Can McDonald's Earnings Top Yum! Brands and Starbucks?

McDonald's has to compete not only against fast-food rivals but also the companies it's sought to supplant, including coffee-giant Starbucks. Find out whether McDonald's can break out of its slump.

Jan 21, 2014 at 9:05AM

McDonald's (NYSE:MCD) will release its quarterly report on Thursday, and investors haven't been happy with the sluggish growth that the company has produced lately. Even as it shares some challenges that fast-food rival Yum! Brands (NYSE:YUM) faces, McDonald's also has to overcome competition with Starbucks (NASDAQ:SBUX) in the premium-coffee space as well as fast-casual restaurant chains that have taken away some of McDonald's higher-end customers.

McDonald's dealt with big problems in 2013, most notably poor same-store sales results that have created a sense of urgency within the company. But even as it has changed its menu to expand its profit potential into Starbucks' traditional territory and to try to draw customers away from Yum! Brands and its triple-chain threat, McDonald's has struggled to execute on its growth plans. But the company has plenty of tricks left up its sleeve. Let's take an early look at what's been happening with McDonald's over the past quarter and what we're likely to see in its report.

Stats on McDonald's

Analyst EPS Estimate


Change From Year-Ago EPS


Revenue Estimate

$7.11 billion

Change From Year-Ago Revenue


Earnings Beats in Past 4 Quarters


Source: Yahoo! Finance.

Will McDonald's earnings be able to start growing again?
In recent months, analysts haven't been very upbeat about McDonald's earnings, cutting their fourth-quarter estimates by $0.06 per share and their full-year 2014 projections by three times that amount. The stock hasn't responded well, rising just 2% since mid-October.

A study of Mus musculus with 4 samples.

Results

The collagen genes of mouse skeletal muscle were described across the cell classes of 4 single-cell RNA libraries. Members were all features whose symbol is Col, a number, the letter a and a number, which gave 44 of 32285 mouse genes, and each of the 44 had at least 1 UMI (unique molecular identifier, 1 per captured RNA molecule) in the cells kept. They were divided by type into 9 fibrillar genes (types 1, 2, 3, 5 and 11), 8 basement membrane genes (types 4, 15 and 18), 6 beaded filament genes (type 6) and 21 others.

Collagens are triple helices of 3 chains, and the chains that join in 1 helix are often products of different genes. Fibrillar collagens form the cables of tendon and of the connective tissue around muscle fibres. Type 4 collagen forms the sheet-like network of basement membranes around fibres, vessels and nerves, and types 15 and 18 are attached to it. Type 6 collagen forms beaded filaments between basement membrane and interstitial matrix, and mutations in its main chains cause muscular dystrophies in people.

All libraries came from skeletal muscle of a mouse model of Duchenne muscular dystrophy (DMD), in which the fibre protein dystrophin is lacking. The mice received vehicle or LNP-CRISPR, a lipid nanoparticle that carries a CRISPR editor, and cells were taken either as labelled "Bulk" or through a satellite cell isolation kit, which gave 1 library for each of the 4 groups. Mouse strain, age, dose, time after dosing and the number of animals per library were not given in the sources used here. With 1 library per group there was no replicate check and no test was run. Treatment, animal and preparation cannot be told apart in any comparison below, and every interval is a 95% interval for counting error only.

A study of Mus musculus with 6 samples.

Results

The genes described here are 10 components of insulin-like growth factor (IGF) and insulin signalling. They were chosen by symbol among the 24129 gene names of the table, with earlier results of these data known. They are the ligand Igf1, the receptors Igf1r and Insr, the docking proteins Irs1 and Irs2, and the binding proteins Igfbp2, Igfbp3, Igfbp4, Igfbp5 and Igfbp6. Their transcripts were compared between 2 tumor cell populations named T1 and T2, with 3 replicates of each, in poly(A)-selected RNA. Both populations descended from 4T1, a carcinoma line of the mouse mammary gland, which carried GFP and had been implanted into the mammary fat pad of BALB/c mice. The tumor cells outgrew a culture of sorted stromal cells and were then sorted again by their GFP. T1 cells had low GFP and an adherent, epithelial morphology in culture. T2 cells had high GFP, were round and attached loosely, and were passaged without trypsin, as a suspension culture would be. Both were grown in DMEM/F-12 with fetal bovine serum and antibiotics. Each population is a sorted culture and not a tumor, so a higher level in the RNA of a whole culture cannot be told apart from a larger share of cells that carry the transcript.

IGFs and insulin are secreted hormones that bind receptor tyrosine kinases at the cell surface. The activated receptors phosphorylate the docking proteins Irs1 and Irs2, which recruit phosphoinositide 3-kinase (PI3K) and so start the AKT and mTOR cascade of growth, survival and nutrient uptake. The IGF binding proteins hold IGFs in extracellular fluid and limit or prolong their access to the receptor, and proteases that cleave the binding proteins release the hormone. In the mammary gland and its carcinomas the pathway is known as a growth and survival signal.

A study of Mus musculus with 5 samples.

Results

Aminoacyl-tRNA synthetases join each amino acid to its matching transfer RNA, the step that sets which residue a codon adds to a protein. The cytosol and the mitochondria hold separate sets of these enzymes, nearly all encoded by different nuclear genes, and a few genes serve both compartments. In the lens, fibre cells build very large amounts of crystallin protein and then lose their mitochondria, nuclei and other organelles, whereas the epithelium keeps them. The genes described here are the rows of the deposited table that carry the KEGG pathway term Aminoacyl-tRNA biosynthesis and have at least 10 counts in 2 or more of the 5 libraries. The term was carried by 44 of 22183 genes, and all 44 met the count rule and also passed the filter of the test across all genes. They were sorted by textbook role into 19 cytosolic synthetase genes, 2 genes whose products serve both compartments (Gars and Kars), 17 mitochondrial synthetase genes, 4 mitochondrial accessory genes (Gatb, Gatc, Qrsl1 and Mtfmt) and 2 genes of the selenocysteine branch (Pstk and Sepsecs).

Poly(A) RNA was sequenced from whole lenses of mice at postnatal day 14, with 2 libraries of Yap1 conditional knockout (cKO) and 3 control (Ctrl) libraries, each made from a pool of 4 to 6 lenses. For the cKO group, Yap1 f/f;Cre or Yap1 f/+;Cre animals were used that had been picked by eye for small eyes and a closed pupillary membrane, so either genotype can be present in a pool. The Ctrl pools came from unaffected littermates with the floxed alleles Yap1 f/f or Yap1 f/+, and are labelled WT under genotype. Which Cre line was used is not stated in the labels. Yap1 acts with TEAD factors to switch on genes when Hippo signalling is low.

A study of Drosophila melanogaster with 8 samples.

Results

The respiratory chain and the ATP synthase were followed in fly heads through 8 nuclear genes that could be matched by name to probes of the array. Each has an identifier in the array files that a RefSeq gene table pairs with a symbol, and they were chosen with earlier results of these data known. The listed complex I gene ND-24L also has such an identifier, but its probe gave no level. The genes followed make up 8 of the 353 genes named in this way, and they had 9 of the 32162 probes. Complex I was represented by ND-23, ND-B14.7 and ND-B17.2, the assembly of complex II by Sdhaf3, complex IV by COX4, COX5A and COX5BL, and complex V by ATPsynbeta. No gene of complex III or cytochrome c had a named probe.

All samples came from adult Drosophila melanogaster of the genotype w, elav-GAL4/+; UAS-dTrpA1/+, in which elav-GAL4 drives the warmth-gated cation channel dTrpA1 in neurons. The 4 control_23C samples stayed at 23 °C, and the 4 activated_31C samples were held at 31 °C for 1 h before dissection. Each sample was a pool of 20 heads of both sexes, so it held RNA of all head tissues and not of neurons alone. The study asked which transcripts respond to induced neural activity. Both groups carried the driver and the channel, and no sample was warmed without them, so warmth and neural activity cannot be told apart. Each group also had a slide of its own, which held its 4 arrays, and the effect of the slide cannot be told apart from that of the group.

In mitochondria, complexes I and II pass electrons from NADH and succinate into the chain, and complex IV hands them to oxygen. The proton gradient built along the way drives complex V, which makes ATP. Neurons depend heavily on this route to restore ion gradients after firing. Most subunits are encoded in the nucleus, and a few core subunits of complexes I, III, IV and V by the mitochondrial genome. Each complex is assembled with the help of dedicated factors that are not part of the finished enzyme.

McDonald's didn't give investors much comfort from its third-quarter results, with the fast-food giant reporting a 2.4% gain in revenue on just a 0.9% increase in same-store sales worldwide. Weakness in the Asia-Pacific region continued, as both McDonald's and Yum! Brands have struggled badly in China following avian flu scares and other economic headwinds. Still, earnings growth of 5% showed that McDonald's has kept doing what it can to make the most of its tough situation.


Unfortunately, many of the problems that have plagued McDonald's in the past continued during the fourth quarter. Menu innovations like its expanded Dollar Menu, with new offerings at higher price points, haven't delivered the gains in monthly comps that investors wanted to see and have instead raised concerns that the company is out of touch with its value-seeking customer base. Its much-maligned Mighty Wings promotion failed to inspire customers either, with the move against Yum!'s KFC unit largely backfiring on McDonald's.

Still, McDonald's is making smart moves to try to bolster growth. After having spent a huge amount of effort building up its premium coffee business to compete against Starbucks, McDonald's said it would enter a partnership with Kraft Foods to sell its McCafe coffee in grocery stores. McDonald's hopes that the partnership will help it leverage the value of its well-known brand, which until now hasn't been a major presence in the grocery world.

In the McDonald's earnings report, watch to see what strategy the company presents to try to work its way out of its sales funk. With so many possible ideas, McDonald's needs to focus on those with the best chances of succeeding while relying on its traditional brand strength to provide growth in the long run.

Click here to add McDonald's to My Watchlist, which can find all of our Foolish analysis on it and all your other stocks.